War of 1812 saw tension, refugees in Genesee County


  • May 26, 2012
  • By Susan L. Conklin Genesee County Historian 
  • Courtesy of Genesee County History DepartmentA woodcut depicts the burning of Buffalo during the War of 1812. Refugees from what was then a village found a safe haven in Batavia.


    In 1812, Western New York was composed of five counties; in the south, Allegany, Chautauqua, Cattaraugus and in the north Genesee (which included all of Orleans, Wyoming and the western sections of Livingston and Monroe) and Niagara (which included Erie). On June 18, 1812, the U.S. Congress declared war on Great Britain. The causes of the war included trade tensions, British support for Indian raids and U.S. territory expansion. News of this declaration caused great concern and dread among the settlers of Western New York. All able-bodied men were summoned to fight and join the militia, leaving only a few behind to manage the crops. Seneca warriors from the Tonawanda Reservation also volunteered and provided support to the local militia.

    For a year and a half there had been fighting along the Niagara River and in the later part of 1813 both sides of the river were controlled by American troops. On Dec. 10, 1813, Gen. George McClure, who had been left in charge of the garrison at Fort George, on the Canadian side, attacked the Canadian Village of Newark (renamed Niagara) which was 1 mile north of the fort. The American forces burned 80 buildings leaving some 400 women and children homeless. The justification for the attack was to eliminate any hope for wintering in the vicinity of Fort George.

    The British gathered a large force to avenge this destruction and burned settlements along the Niagara River, including Youngstown, Lewiston, Manchester, Schlosser and surrounding farms. All the flourishing villages and settlements on the Niagara River north of Buffalo were laid to ashes. More than 200 houses were destroyed and the property owners reduced to poverty. Fort Niagara fell to the British on Dece. 19, 1813, and remained in their possession until the end of the war. The British campaign of retribution concluded Dec. 30, 1813, with the burning of almost every building in Buffalo.

    According the Gazetteer and Biographical Records for Genesee County: “We (in Pavilion) were told that when an engagement was taking place at Buffalo or Fort Erie, every peal of cannon could be heard and it was common for dishes to be jarred by the concussions.”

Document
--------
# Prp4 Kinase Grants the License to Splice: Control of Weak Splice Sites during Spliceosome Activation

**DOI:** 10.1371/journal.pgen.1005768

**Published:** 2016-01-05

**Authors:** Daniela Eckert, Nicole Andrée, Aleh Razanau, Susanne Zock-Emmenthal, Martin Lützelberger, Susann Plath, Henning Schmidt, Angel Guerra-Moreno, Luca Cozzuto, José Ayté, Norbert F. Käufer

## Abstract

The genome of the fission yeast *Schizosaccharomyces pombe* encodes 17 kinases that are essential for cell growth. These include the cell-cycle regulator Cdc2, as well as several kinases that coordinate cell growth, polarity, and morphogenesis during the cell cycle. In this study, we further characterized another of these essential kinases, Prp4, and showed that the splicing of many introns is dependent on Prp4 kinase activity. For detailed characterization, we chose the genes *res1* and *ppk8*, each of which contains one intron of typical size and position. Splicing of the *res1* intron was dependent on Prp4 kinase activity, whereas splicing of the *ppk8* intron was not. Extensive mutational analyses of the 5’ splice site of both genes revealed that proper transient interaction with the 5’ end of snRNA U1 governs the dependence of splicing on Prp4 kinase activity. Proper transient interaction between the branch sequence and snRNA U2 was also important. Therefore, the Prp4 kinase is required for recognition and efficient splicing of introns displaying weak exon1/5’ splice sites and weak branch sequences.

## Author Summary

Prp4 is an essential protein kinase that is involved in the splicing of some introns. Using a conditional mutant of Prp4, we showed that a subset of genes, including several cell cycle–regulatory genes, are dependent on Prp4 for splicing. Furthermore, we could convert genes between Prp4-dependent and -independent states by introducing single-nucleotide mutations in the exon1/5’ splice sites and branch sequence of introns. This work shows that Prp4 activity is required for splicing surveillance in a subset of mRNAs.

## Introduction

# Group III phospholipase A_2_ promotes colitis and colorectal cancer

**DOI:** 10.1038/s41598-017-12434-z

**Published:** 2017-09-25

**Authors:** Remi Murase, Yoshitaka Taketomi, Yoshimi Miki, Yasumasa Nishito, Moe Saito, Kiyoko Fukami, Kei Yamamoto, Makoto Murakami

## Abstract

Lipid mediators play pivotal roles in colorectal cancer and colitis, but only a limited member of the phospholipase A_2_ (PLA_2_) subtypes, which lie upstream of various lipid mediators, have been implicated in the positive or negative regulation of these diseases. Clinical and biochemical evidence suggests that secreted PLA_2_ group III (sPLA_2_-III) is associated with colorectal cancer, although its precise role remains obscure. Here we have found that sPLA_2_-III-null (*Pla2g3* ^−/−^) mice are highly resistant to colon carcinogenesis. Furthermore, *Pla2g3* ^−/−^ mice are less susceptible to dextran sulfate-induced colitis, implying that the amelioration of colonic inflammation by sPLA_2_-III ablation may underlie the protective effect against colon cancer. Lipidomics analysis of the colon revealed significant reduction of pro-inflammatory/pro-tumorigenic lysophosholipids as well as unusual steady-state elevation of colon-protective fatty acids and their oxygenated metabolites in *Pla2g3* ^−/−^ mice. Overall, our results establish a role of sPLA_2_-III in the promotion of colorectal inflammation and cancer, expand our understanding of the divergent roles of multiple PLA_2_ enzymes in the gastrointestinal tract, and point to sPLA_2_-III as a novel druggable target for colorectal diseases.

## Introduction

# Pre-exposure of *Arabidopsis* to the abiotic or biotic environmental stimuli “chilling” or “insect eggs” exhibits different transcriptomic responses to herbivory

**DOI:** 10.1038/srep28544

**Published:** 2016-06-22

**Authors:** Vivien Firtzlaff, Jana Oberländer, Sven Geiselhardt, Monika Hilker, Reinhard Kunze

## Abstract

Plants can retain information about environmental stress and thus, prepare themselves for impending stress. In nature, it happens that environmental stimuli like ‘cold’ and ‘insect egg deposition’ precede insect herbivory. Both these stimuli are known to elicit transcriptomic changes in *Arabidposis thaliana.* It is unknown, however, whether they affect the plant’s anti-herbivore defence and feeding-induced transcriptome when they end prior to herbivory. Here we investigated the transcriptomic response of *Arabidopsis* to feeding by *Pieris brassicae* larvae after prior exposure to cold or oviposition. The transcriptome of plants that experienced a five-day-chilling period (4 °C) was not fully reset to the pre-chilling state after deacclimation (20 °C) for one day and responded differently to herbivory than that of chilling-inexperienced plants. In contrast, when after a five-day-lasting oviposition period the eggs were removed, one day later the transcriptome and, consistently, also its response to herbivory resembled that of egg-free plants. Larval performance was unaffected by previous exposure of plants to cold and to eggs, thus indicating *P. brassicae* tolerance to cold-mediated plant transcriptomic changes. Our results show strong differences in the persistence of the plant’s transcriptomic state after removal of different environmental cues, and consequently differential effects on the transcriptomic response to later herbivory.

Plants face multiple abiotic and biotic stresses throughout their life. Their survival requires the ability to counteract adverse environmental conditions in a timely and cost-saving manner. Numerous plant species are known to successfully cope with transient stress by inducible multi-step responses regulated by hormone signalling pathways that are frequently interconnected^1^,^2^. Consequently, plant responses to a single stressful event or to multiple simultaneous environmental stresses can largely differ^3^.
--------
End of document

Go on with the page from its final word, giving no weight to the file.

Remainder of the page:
The British invasion of Western New York in the middle of winter caused great damage and hardship. From Joseph Ellicott: “… the burning of every building in the Village of Buffalo and massacre not only of men but women and children filled the inhabitants of the two Counties of Genesee and Niagara with terror and dismay.”

    In a petition to Albany on behalf of the refugees the following was described: “Niagara County and that part of Genesee which lies west of Batavia are completely depopulated. All the settlements in a section of country forty miles square and which contained more than twelve thousand souls are effectually broken up. Our roads are filled with people, many of whom have been reduced from a state of competency and good prospects to the degree of want and sorrow…”

    From Tuner’s Pioneer History of the Holland Purchase: “Batavia became the headquarters, the final rallying point, of small remnants of an army, a halting place for the fleeing homeless of the frontier. The most valuable effects of the Holland Land Office were taken beyond the Genesee River, the home of Joseph Ellicott was converted into quarters for army officers and his office a hospital; private homes, barns and sheds were occupied; families that were separated in the hasty departure from Buffalo became united there”.

    Batavia also has the distinct honor of providing Brig. Gen. Winfield Scott, with shelter while he recovered from serious wounds received in the July 25, 1814, battle at Lundy’s Lane near Niagara Falls. In December 1814 the U.S. Army on the Niagara Frontier succeeded in protecting Western New York and gained victories before the war ended with the Treaty of Ghent.

    For nearly 200 years the United States and Canada have shared the longest border in peace between two countries. The Peace Garden in Batavia is part of the Bicentennial Peace Garden Trail and is a fitting reminder to us all of the peace we have enjoyed with our Canadian neighbors.